The first thing I did this morning was take my PrEP. PrEP stands for pre-exposure prophylactic. It's a combination of drugs you can take when you are HIV-negative that will prevent you from getting the disease. For queer people like me — or anyone who is at risk — PrEP has changed not just our sex lives, but our personal lives, our culture, and the way we relate to the world around us. For the first time, we can live without the fear of HIV/AIDS. For me, that has been a profound transformation.
America first learned of a spreading, incurable, and fatal new disease in 1981; it would later be identified as the human immunodeficiency virus, or HIV — the virus that causes AIDS. It devastated millions of people as it moved around the globe, aided by indifference, poverty, superstition, and bigotry. In the United States, it primarily affected gay men. Three hundred and sixty-two thousand died between 1981 and 1996. AIDS activist and playwright Larry Kramer called it a holocaust.
I was a 1980s preteen when I first became aware of it. I wasn't out then, even to myself, but I knew this had something to do with me, something that was going to make life much harder and definitely scarier. AIDS was a constant presence in my life before I could even see an R-rated movie unattended. But I did see Common Threads, the documentary about the AIDS quilt, and cried my eyes out for all the people I didn't know, for strangers I had so much in common with.
I moved to New York from Santa Cruz in the early '90s to attend college. Everything was new, even old things like subways and dive bars. The scene was exciting, but tempered by the reality of HIV/AIDS. I met and saw the artists and activists who would shape my life, many of whom were making work related to the disease: Diamanda Galás's Plague Mass, Todd Haynes's Poison, John Kelly and the work of the Visual Aids Artists Caucus. These performances were tinged with rage at the system for ignoring us, and there was power and grace emanating from a community under siege. It was a time of rapid change in the gay-rights movement and it seemed like the arts and queer rights were so connected.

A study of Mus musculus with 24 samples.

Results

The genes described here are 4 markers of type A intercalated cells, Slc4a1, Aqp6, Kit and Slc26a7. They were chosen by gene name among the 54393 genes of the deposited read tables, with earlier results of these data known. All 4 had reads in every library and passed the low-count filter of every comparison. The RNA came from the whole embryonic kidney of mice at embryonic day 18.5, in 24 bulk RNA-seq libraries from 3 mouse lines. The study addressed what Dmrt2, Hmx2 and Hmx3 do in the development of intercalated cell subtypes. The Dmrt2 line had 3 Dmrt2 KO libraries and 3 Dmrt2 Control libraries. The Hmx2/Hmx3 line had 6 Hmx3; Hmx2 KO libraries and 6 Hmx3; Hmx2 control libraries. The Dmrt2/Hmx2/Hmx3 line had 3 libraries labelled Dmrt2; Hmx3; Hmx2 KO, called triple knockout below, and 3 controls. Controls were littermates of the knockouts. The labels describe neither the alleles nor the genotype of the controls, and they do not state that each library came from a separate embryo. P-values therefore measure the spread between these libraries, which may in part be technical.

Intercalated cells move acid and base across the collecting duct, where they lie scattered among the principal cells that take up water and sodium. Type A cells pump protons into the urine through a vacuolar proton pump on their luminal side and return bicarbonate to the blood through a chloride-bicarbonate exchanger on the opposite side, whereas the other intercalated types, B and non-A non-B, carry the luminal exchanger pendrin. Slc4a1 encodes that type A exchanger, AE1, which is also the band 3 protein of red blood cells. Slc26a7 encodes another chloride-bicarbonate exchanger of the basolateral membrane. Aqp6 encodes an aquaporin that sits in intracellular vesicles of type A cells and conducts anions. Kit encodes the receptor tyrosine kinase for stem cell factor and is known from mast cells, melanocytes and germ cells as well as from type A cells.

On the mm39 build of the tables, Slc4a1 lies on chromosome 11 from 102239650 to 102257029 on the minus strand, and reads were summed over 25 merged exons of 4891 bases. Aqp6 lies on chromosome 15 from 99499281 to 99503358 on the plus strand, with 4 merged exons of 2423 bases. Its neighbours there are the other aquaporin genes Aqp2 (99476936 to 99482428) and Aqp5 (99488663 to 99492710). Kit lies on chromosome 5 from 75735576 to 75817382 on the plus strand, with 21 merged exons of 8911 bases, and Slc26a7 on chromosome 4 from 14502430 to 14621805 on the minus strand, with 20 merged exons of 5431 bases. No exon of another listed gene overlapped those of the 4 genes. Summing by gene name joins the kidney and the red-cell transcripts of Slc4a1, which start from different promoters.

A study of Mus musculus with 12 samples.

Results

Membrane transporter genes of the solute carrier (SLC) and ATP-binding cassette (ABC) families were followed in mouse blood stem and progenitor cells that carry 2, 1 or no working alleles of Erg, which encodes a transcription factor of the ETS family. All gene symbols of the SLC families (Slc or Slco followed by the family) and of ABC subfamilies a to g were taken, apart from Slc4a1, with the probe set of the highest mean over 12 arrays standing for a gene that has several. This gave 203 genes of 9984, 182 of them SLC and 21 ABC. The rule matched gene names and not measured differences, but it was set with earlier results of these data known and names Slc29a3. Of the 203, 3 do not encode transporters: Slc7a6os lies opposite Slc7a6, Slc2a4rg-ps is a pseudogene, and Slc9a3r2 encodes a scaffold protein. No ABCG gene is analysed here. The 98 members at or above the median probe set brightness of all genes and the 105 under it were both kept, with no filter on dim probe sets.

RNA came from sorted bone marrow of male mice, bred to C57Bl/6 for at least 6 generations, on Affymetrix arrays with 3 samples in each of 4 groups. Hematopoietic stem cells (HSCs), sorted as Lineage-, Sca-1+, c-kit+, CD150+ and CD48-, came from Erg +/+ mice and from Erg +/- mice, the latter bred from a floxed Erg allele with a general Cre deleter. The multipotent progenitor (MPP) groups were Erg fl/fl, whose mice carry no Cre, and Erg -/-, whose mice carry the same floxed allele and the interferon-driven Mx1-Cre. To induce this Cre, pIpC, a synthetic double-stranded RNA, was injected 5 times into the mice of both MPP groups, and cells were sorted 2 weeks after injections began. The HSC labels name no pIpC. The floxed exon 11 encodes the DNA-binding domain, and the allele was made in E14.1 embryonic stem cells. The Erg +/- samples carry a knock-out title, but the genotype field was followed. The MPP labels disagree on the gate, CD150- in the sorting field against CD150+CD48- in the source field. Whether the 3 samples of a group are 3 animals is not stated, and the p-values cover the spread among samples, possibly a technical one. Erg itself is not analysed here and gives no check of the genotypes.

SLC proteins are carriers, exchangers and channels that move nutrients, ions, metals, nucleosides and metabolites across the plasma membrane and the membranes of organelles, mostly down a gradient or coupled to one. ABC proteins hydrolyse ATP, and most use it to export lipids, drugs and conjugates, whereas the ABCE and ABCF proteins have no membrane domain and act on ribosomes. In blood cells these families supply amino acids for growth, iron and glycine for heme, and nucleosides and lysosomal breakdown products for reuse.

At the same time, there was a collective weariness. Friends, and friends of friends, and their friends too, were testing positive. Some were dying. Grief was omnipresent. Despite the work of activists and health-care providers, there remained an unfair stigma associated with one's HIV status. Princess Diana was considered brave for even hugging or shaking hands with an AIDS patient.
Once, before he died, my friend Douglas asked me to button his coat because he was too weak.
A year later the medicine came.
Highly Active Anti-Retroviral Therapy (or HAART), also known as the "AIDS cocktail," became available in 1996 and turned what was once an almost certain death sentence into a manageable, chronic condition. A friend of mine tested positive and I was overcome, until everyone reminded me: "It's different now." A cure seemed as far away as ever, but this treatment gave hope to so many gay men, queer-identified individuals, and trans women. Today over a million people are living with the virus well into old age.
But I was born prone to anxiety and the anxiety remained, even though HIV was no longer fatal. Well into 2001 and 2002 I had a fear of contracting HIV that went far beyond the actual risk, and I often suffered from intense post-sex panics, no matter how many safe practices had been involved. I was superstitious of getting tested, worried I'd receive a false positive, as a good friend of mine did once. (I got tested anyway, despite my fears.) And the stigma, like my anxiety, remained. All you had to do was open Grindr to see the disturbing use of "clean" to indicate an HIV-negative status, as though our brothers and sisters who are positive were somehow "unclean."
And then in 2012 came Truvada, a combination of two antiretroviral medications that, if taken daily by an HIV-negative person, makes it almost impossible for HIV to take hold in the body — hence the name PrEP. Initially, Truvada was slow to catch on. But even though its use is far below what experts consider optimal, it's already changing the way we relate to each other. It fundamentally alters the dynamic between positive and negative sex partners. On many dating apps now, guys will state whether they are on PrEP or not.